Healthcare practitioners frequently serve as independent experts in professional liability claims. You may be contacted by an attorney who asks you to review a case and render an opinion involving patient care provided by other medical, dental, or advanced practice clinicians. Counsel may also ask you to conduct a physical examination of a client injured in a personal injury matter—such as an automobile collision, industrial work accident, or products liability lawsuit.
Counsel may have obtained your name from another lawyer who is personally familiar with your professional reputation, your unflappability on the witness stand in an unrelated case, or from literature searches establishing your expertise in a particular area. Ascertaining how the attorney came to approach you at the outset of the engagement may help inform your decision about whether you should agree to participate. Whatever the source initiating the contact, consider the following points before deciding to act as an expert witness:
If you cannot reasonably spare the time and do not have the practice coverage to ensure adequate follow-through for your own patients and other professional commitments, avoid offering expert opinions beyond those that you are required to give pursuant to a subpoena or judicial order. Once you make a commitment to be the clinical expert on a case, you will need to see it through regardless of the amount of time, inconvenience, or disruption to patient care that may result.
Lawyers representing an injured client are invariably well prepared, aggressive, and relentless in their questioning. Carefully consider whether the leadership and persuasive communication skills you use in your clinical life will translate well to the courtroom. Some expert witnesses bristle under the often hostile and persistent grilling of adversarial attorneys. You may want to observe some expert testimony in advance to help you imagine what the experience is like.
Your status as a clinical expert and your testimony in a given case are readily retrievable by the databases maintained by law firms, professional societies, and trade organizations. If any patient ever sues you for malpractice, your expert testimony might be misconstrued, taken out of context, or otherwise used against you. Depending on the nature and content of the evidence you provide, opposing counsel may use the testimony as the basis for an administrative complaint to your state licensing board or professional society. This possibility dictates caution whenever you are asked to testify.
Maintaining professional boundaries and personal integrity when providing expert testimony can be surprisingly challenging once you are embroiled in the dynamics of litigation—when reputations, the plaintiffs’ livelihood, and the defendant’s financial security are at risk. To accommodate the needs of the case, you may feel pressure to stretch your opinion beyond the existing clinical evidence, facts developed during discovery, authoritative resources, or prevailing community standard. The lawyer’s primary goal is to win the case—not to focus on potential repercussions to you professionally. Maintaining appropriate professional boundaries will require your ongoing vigilance as an expert witness.
If you make the decision to be available as a paid expert, prepare a fee schedule that includes your hourly rate, half-day rate, and full-day rate, and specify whether these rates apply for actual courtroom testimony. Note that some experts charge a higher fee for deposition or live courtroom testimony than for patient record review or telephone consultations with counsel. If the opposing lawyer objects to your rate and files a motion with the judicial or administrative officer or independent arbitrator, you may need to justify it under oath. These types of pretrial conflicts can be time consuming and inconvenient, and the time expended may not be compensable.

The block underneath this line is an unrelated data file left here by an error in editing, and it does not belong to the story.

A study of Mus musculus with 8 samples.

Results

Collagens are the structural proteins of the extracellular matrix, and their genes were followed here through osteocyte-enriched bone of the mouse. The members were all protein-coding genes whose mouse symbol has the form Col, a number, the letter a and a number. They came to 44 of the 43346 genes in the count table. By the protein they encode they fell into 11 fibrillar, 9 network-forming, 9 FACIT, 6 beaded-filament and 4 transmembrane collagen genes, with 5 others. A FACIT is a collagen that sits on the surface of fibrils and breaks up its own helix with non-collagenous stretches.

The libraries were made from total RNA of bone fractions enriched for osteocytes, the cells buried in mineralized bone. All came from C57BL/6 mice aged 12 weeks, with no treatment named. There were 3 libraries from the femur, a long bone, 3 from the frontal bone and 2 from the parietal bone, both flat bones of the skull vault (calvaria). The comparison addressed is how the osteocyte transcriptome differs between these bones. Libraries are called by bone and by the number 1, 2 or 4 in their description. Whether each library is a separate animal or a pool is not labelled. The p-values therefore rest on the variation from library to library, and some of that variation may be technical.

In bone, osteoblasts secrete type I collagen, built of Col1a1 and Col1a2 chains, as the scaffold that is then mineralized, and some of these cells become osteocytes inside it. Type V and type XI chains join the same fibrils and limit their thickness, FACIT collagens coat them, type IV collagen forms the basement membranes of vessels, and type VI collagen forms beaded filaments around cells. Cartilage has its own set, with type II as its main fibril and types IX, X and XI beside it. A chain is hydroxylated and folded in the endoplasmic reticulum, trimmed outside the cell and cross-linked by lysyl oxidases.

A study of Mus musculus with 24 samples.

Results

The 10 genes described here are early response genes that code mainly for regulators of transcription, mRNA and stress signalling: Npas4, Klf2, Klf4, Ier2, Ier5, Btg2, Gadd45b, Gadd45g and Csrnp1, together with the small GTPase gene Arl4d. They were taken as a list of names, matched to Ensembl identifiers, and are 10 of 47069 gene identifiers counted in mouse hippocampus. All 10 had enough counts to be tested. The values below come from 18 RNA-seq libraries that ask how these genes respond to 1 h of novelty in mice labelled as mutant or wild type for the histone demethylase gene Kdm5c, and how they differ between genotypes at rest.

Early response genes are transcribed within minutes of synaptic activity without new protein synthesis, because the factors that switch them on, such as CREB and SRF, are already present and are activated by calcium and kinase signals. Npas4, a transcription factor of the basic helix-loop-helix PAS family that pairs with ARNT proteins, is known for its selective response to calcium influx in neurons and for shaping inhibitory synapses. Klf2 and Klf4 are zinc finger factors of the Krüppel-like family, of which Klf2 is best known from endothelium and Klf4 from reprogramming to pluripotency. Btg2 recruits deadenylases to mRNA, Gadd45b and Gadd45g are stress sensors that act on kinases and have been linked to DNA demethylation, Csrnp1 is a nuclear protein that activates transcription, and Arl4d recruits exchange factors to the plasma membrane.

Plaintiff’s counsel may ask you to defer being paid until after the case is resolved—which could delay payment for months or even years after you have provided your services. An additional risk may be that you will not be paid if the patient receives nothing in settlement or as a result of a plaintiff’s verdict following a trial or arbitration. Before becoming an expert witness, consider formalizing a written agreement with counsel, signed by both parties, that sets forth all payment terms and conditions.
Before taking on the role of being a paid expert, ensure familiarity with the specialty’s standards of care regarding the particular issues of the case. In some instances, expert witnesses have given testimony that, under cross-examination, proved inconsistent with the applicable standard of care in effect on the date in question. As a result, the practitioners were reprimanded or sanctioned by their specialty’s professional society.
Professional liability insurance policies typically do not cover functioning in the role of a paid expert. Although the risk of personal exposure or liability for serving in that capacity is generally small, it should be considered in the decision-making process. Contact your insurance agent, broker, or underwriter to determine if you already have coverage under another policy (such as an errors and omissions policy) or if coverage is available.
Finally, at the outset of your engagement, it is important to clearly and fully disclose to the counsel retaining you any impediments to your credibility that could adversely affect the client’s claim if they were to be discovered during litigation. These include any negative malpractice judgments, licensing board actions, criminal verdicts, or pending or concluded civil matters.
For further questions or assistance, please contact The Doctors Company Patient Safety and Risk Management Department at (800) 421-2368 or by email.